February 19, 1941
The roaring of the four massive Rolls-Royce Merlin engines had finally stopped bothering the young pilot. He pushed up the lever to raise his landing gear and tried to relax in the cramped space. The leather of his chair did nothing to improve his comfort, although he appreciated the effort.
He glanced back at his ‘cargo’. They were even less comfortable than he was. One sat forwards, next to the navigation table. The other was in the back, trying to look inconspicuous with the radio operator. They needn’t have worried; all of his crew was loyal to him. There was no need to worry about discovery.
And then there was the final man. He hadn’t even been part of the plan originally. He was an officer, an ace in fact. Despite this he looked like he was barely over twenty. He’d been shot down over Britain, and was being transported to a POW camp when he’d escaped. It had been pure luck when he’d stumbled out of the woods into the clearing where they’d set down their plane. After convincing them he wasn’t a spy, he’d begged to be taken along. The man was sitting in the aisle next to his seat now, a tattered camouflage blanket wrapped over his head. Even though he couldn’t see his face, he could easily picture his boyish features, shock of blond hair and the beard he’d grown to hide his identity. With the dim lighting of the cockpit, the man was almost invisible.
He looked back to the horizon. The moon was shining bright over the February night. Smith’s Falls was in blackout mode. There were almost no lights. All the pilot could see was the silhouette of the few buildings back dropped on the pure white snow. It was twenty below out there, and was scheduled to get even colder. The lake was iced over and looked like it belonged in the North Pole. It was beautiful, he thought as the plane roared overhead.
The pilot was so caught up in the beauty of the night he barely noticed the sound. It was a sound he’d been trained to listen for. A sputtering, choking noise; something akin to a smoker clearing their throat resounded through the cockpit. The pilot snapped his head down to his controls. A red light was flashing at him from his console. The third man ripped the camo blanket off his head and stared at the pilot with eyes wild from too much time on the run. “What the hell’s going on?” He asked in a voice thick with an accent.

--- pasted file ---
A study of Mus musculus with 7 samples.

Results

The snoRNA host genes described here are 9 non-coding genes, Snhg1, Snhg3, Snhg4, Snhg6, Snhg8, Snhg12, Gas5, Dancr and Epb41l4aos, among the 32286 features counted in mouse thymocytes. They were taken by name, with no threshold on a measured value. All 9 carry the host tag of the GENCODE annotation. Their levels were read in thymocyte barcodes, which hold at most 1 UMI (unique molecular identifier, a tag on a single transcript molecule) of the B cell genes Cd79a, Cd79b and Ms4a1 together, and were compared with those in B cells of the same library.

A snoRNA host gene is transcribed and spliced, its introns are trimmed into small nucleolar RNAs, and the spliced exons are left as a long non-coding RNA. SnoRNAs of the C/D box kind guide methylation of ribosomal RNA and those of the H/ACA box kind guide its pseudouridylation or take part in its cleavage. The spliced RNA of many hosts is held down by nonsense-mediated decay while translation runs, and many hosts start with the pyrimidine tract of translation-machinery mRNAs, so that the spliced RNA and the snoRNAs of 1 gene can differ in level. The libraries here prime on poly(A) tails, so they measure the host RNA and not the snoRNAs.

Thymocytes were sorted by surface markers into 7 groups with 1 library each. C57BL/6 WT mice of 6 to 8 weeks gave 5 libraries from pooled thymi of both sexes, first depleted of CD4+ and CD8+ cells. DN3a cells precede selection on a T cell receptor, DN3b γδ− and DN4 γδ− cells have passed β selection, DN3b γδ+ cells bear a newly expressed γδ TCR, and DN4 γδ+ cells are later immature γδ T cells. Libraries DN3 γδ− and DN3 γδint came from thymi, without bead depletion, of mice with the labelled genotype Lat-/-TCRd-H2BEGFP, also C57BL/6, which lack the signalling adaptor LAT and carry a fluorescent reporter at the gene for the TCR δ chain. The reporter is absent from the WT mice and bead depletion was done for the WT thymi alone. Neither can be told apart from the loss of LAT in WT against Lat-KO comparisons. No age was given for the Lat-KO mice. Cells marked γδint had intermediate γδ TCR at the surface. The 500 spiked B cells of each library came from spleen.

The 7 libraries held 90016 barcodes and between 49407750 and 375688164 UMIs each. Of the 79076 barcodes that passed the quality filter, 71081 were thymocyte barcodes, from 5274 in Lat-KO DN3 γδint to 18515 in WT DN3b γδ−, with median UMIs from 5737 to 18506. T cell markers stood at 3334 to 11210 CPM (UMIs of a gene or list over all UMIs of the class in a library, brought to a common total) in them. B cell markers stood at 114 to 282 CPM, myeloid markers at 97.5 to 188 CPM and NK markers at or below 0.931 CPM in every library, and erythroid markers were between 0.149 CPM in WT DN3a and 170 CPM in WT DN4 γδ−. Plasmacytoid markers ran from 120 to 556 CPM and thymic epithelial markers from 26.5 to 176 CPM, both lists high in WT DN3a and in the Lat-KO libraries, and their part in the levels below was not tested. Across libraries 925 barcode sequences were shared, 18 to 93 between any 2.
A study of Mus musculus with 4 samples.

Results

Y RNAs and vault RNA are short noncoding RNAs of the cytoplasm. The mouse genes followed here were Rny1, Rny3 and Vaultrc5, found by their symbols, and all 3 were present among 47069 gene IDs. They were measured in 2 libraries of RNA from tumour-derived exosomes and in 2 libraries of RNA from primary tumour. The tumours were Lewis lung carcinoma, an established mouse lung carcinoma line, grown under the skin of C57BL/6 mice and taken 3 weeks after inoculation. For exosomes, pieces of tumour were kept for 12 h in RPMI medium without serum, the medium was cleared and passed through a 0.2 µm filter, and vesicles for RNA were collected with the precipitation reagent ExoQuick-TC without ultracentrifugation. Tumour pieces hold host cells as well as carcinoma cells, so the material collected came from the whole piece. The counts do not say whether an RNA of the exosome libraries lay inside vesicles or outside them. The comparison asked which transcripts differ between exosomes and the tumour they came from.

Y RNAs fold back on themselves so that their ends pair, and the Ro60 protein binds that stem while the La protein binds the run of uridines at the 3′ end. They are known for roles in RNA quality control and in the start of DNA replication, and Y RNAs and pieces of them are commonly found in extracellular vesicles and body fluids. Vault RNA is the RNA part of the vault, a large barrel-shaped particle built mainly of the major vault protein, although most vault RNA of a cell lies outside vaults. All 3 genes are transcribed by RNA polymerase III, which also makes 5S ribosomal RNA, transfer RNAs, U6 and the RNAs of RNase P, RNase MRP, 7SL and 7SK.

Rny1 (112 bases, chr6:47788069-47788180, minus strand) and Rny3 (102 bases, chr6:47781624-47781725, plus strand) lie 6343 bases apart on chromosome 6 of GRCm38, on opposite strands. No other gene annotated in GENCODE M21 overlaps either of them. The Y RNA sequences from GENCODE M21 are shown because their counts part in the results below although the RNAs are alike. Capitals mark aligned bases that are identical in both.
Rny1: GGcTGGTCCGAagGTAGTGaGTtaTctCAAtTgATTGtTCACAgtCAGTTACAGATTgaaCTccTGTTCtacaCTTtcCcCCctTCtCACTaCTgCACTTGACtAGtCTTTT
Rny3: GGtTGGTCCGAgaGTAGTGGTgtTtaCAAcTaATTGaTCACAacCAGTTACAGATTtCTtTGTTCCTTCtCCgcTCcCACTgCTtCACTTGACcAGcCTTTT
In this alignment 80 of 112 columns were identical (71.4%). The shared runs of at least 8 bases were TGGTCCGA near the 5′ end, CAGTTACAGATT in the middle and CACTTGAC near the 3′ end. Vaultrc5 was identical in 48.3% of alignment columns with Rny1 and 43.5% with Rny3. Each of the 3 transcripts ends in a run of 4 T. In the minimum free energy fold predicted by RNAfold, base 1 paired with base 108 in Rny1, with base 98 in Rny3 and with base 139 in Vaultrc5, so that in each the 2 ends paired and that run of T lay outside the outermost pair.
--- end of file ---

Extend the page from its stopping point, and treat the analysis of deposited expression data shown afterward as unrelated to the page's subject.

“Engine trouble,” the pilot spat back. “Ridley!” he barked to the radio operator. A head poked in from the back. “Boss?” “Check the wings. Look for any traces of smoke.” “Yes sir,” Ridley said, folding his six-foot-one frame into the narrow confines of the cockpit and opening the window on the right hand side. The pilot glanced left. Both of the engines were fine, turning in a blur of motion in front of the moon. “Engine three on the right hand side, Sir!” barked Ridley. “There’s flames coming out.” The pilot cursed their luck. They couldn’t even radio for help, because their mission was so confidential. “You,” he said, pointing to the third man. “Get off your lazy ass. Look for white amongst the dark of the forest – that could be a place to put this bird down.” The man didn’t respond. He just stood and began scanning the horizon.
Suddenly that dreadful sputtering sound grew stronger. Ridley glanced back at the pilot, eyes full of terror. “Engine four is on fire, sir!” he yelled, voice cracking with fear. The pilot glanced over. The cockpit appeared to be lit by candles because of the fire. The green and brown camouflage paint was visibly melting, the once proud RCAF roundel disappearing in the fire as it spread. Suddenly the third man cried out. “I can see a clearing – large enough to land on!” He cried excitedly. The pilot glanced over and saw he was right. A large rectangular clearing was visible in the vicinity of Westport. They had passed Big Rideau Lake, the pilot realized, and were now over Upper Rideau.
The pilot glanced down at his controls and his heart sank. The altitude meter read 580 feet. “We’re not going to make it,” he said, seeing that they were descending at a rate of 100 feet per minute, with little he could do to stop it. He looked at his crew, silent around him. “I’m sorry, friends,” He said. The pilot turned back to face the front of the plane, now falling towards the lake. “FOR THE HOMELAND!!” he screamed, punching the air with one fist and white-knuckling the control column with the other. His traveling compatriots echoed his cry and made the same gesture.
A little more than five minutes later, the aircraft impacted the ice on Upper Rideau Lake just to the north of the Sisters’ Islands and sank into the murky black depths.